Security and open source
"System security should not depend on the secrecy of the implementation or its components."
-- Guide to General Server Security, National Institute of Standards and Technology
A codebase is a terrible secret.
Because a codebase is so large, it cannot easily be changed. Furthermore, it must be known, or at least knowable, to the large number of people who work on it, so it cannot be kept secret very easily. This is represented at the bottom of figures two and three. Therefore "security through obscurity" is a terrible idea when it comes to a codebase. In most cases your system will consist of code which you reuse as well as code that your write yourself. Therefore both of these types of code should be open.
Of course, your system will have secrets in most cases -- keys, passwords, and the like -- but you should assume they have been discovered and change them often. We call these secrets a "red thread", because, like a red thread in a white handkerchief, they should be as vivid and thin as possible. By making them thin, such as a single password, you make them very easy to change and keep secret. Although these secrets are tiny, they must be managed carefully and conscientiously. We believe this concept is so important that we have placed it on our reusable version of the Wardley-Duncan map linked to above.
There are risks of defects and complexity associated with using open source modules indiscriminately. There are also security vulnerabilities to any system, either through negligence or by the intention of a bad actor. The key to preventing this is code review.
You must make sure that each component you use is code reviewed. In practice this means either that you must use very popular projects whose code is looked at by a large number of people on a regular basis, or you must use small projects which your team can code review itself. In practice, the criteria for making this decision for reused components is similar to the rules of thumb that we have already laid down for managing risk.However, you may need to adjust these rules of thumb based on how often you plan to update the component.
For example, a small component which is very stable need not be updated at all. If it is small and you can code review it or pay a team to code review it, then you may use it. On the other hand if the project has frequent updates, your team will have to decide how to manage these updates. A large project may have both stable and experimental branches. In general your team will want to update as frequently as the major number of the branch. If the project is very active and many people are looking at it, this does not represent a security risk. If however a project is changing rapidly and producing many releases and your team does not have the resources to ensure that each new release is code reviewed and you do not trust the community to do so, then you probably should not use that component.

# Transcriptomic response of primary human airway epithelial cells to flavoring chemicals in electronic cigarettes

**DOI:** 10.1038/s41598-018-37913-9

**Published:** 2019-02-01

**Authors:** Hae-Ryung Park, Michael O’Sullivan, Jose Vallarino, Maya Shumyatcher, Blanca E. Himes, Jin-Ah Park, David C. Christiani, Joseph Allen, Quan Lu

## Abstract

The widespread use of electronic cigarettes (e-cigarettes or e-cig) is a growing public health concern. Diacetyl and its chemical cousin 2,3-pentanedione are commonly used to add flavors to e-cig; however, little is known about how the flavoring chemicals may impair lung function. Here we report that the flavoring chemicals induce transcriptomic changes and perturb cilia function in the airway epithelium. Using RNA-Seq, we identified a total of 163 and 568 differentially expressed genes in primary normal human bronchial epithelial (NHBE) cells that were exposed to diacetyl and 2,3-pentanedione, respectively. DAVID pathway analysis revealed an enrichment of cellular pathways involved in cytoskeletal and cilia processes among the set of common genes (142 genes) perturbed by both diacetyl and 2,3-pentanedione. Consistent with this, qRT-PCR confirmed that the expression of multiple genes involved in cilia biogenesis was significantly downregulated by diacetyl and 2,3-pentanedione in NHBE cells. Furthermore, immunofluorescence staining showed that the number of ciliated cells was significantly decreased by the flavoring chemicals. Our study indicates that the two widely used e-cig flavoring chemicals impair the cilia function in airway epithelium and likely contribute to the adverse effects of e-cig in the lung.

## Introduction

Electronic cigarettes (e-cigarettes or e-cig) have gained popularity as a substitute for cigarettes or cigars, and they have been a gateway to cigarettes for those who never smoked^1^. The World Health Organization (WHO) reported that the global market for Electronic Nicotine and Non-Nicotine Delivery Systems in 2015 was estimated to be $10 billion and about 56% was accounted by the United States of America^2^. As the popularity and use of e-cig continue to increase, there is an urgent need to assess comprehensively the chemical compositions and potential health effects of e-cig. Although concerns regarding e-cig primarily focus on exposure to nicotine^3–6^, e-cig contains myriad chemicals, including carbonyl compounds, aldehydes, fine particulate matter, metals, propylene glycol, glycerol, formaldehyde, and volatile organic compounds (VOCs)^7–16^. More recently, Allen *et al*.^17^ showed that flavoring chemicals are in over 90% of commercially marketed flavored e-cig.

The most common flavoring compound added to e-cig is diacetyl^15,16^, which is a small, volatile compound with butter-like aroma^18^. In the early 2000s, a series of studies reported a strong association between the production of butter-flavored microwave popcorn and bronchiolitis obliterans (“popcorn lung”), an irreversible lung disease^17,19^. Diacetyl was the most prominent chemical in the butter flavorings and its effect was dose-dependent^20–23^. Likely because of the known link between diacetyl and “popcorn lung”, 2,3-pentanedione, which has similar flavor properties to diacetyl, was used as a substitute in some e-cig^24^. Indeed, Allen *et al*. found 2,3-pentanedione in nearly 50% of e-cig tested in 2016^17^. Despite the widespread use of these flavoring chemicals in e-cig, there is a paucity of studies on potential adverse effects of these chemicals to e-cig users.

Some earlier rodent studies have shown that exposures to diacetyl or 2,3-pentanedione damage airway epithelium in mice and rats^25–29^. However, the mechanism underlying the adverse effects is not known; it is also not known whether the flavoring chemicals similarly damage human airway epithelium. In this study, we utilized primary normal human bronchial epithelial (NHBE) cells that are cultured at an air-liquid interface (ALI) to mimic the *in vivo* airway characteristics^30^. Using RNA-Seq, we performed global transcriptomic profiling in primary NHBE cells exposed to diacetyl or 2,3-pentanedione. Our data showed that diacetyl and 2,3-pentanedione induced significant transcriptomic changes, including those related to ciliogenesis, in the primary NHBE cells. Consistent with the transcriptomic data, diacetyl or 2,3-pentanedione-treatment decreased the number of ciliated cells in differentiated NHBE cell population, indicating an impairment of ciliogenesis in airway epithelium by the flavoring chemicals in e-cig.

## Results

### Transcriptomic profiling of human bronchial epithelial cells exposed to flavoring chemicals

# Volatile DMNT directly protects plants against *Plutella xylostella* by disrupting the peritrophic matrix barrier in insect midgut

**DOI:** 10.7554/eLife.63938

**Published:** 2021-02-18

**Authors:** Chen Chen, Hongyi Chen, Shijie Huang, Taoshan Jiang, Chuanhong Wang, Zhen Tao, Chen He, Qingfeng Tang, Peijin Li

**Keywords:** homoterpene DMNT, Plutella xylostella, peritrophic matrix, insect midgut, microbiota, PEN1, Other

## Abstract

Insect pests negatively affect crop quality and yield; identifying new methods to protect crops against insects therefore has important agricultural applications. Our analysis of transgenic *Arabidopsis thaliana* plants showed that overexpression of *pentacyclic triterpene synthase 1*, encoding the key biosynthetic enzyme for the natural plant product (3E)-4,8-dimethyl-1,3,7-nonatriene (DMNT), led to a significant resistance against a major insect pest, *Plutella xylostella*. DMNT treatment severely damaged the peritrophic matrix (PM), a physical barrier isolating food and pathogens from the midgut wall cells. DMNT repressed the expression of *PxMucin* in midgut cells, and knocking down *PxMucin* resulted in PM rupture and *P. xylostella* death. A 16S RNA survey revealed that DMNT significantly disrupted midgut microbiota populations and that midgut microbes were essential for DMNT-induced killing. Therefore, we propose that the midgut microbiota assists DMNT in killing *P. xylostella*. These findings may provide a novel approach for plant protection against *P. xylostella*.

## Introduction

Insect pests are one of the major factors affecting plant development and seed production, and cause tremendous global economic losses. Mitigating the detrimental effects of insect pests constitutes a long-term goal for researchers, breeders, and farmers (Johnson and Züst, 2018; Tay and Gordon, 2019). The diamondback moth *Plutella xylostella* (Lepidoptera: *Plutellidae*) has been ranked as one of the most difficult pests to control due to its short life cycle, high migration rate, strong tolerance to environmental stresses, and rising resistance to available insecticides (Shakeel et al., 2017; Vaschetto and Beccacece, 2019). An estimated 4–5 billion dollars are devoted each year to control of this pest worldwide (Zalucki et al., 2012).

With an open source component, it is at least possible to understand how much code review it is receiving.We know of no way to do this for closed source code kept as a secret.A firm which is asked to maintain the security of the code that it has written is placed in a conflict of interest. It isn't in its short-term interest to spend resources on this code review, and it is not in its short-term interest to admit defects.
Security of your own code
Make all your code open and examinable from the start. Moreover, it is best to encourage as many people to look at it, because the more people who seriously review the code the more likely a security flaw is to be found. Programmers will code more securely when their code is in the public's eye from the beginning.
Code that you write or contract to have written should be open source from the start, because it relieves you of the terrible risk and burden of maintaining the secrecy of the codebase. This means not only that it is published under an open source license as explained in our open source policy, but that it is published in a modern source code control system.